Hillcrest charter school starts year in temporary location

Florida Intercultural Academy’s new school building in Hollywood’s Hillcrest community was not ready for students Monday.

Instead, parents were met with permission slips allowing the students to go on a “field trip” to their temporary location at Emerald Hills Country Club — 2 1/2 miles away.

“I am a little uneasy about them being taken to another place," said Ralph Louis, who didn’t let a little rain dampen the first day of school as he walked his 7-year-old daughter Sumaiya under a black and pink umbrella.

He said the construction worried him — the workers were fixing the parking lot, working on the roof and installing equipment — but he was pleased by the school’s organization. Students were ushered from the carpool line straight to the waiting buses.

“I know it will be OK,” Louis said. “Everything is a process.”

In May, the school — which was operating out of a Hollywood church — received approval from the Hollywood City Commission to expand to a new location in the Hillcrest neighborhood, where most of the residents are age 55 and older. The charter school will eventually hold up to 850 students in kindergarten through eighth grade.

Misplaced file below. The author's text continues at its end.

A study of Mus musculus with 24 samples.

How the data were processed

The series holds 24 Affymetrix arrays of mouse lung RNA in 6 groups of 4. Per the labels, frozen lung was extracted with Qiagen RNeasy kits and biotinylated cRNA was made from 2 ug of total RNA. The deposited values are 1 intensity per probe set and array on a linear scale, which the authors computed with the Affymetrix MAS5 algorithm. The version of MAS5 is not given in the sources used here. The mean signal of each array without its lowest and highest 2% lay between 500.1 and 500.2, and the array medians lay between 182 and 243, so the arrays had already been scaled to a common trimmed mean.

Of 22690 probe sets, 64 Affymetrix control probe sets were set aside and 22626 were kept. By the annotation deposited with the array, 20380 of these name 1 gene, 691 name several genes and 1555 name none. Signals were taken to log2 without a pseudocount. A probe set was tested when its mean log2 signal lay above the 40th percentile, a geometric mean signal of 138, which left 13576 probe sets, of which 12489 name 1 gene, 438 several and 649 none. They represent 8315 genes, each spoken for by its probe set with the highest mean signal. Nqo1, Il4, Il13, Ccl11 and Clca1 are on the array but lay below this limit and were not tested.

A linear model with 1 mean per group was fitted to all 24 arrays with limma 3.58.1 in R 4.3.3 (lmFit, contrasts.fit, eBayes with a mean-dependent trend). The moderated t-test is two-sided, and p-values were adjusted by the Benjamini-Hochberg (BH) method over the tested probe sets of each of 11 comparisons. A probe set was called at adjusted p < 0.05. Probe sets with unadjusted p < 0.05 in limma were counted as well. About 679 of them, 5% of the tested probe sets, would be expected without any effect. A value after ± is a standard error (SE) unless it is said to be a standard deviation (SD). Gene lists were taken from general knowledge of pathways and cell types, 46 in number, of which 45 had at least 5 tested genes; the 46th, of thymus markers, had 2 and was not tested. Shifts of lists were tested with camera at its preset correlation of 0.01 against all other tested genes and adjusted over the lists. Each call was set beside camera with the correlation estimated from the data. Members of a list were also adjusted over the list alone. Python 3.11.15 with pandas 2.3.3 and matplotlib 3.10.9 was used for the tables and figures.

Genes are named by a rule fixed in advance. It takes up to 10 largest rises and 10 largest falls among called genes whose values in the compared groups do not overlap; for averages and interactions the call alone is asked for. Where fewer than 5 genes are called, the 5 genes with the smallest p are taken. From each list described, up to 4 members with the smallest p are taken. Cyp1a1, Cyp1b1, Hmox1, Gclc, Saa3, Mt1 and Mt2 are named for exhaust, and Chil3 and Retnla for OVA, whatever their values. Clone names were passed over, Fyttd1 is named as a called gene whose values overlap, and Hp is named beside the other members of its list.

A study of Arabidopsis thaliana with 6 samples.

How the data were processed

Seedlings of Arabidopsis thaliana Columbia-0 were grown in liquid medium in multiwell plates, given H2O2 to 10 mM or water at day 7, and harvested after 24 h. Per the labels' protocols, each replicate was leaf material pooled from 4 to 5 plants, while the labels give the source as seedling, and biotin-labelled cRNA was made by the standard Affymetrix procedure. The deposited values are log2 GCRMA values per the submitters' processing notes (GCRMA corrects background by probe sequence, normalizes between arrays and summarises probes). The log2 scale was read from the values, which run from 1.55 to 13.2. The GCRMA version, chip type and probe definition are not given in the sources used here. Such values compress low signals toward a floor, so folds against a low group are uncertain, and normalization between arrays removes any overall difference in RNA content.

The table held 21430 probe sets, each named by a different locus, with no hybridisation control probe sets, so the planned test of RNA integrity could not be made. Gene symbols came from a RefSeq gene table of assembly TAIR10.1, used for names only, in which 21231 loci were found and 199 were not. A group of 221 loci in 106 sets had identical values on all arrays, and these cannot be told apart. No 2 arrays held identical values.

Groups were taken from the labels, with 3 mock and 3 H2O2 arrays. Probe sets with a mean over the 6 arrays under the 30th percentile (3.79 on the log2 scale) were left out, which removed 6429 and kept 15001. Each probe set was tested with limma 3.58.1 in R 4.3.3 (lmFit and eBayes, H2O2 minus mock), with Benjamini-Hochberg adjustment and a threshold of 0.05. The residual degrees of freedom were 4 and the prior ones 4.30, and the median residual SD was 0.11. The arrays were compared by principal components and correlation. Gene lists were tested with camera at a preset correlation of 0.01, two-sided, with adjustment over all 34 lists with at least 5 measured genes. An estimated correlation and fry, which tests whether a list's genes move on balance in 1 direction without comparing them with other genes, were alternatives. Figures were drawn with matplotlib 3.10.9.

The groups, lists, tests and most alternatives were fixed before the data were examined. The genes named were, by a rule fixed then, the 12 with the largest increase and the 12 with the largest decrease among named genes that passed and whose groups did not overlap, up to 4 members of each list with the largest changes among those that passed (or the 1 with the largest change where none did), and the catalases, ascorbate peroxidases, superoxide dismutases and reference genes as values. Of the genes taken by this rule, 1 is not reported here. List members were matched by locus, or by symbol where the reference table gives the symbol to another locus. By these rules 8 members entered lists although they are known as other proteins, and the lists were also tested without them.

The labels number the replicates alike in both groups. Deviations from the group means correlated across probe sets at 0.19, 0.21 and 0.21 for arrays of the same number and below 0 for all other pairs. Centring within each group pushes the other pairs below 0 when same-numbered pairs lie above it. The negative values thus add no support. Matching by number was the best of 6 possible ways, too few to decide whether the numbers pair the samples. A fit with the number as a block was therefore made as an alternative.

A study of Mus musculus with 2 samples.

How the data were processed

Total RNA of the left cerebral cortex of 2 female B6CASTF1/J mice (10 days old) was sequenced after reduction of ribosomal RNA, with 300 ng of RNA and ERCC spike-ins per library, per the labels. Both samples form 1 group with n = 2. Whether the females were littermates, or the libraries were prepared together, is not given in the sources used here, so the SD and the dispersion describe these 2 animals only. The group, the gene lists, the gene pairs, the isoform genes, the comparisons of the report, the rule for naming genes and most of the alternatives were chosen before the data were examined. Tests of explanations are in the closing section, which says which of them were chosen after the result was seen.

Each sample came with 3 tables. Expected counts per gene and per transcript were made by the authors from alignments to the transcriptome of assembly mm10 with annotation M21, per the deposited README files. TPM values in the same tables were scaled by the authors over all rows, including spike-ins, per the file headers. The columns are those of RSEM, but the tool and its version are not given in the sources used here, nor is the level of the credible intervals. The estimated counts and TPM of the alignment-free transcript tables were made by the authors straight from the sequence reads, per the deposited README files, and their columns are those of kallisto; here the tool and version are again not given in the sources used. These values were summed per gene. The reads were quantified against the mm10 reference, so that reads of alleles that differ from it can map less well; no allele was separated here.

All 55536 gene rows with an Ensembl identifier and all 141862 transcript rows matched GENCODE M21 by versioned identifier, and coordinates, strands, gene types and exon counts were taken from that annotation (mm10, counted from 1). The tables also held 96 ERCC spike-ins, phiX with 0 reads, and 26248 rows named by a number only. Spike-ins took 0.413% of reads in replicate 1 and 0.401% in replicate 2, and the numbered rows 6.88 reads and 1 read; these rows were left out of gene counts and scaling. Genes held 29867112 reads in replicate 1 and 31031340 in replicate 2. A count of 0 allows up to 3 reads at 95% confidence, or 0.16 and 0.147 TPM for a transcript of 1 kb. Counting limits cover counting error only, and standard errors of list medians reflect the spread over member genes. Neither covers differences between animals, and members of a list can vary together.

Despite pleas from many of the residents about traffic concerns and noise, the commission said that a school would be a welcome addition to the neighborhood.

But getting the old recreation building retrofitted in time for Monday’s opening was a challenge, the charter school’s CEO, Cyndi Dotson, said over the weekend.

The students will likely be in the temporary facility for the first week of school taking part in workshops and team-building activities, she said.

Even though the students were immediately taken to the off-site location for their first day, Hillcrest residents still got a taste of the traffic to come as parents dropped their kids off. A line of cars snaked around the front of the school and then briefly blocked Hillcrest Drive.

Some parents and students did not seem phased with the construction going on around them.

“I think it’s going to be great once it’s up and running,” said Teresa Grampa, dropping off her four children. “The kids were really excited.”

Laila Verges, 9, who was dressed in her new uniform shirt and skirt, said she was excited about the first day.

“I get to make new friends and learn new things,” she said.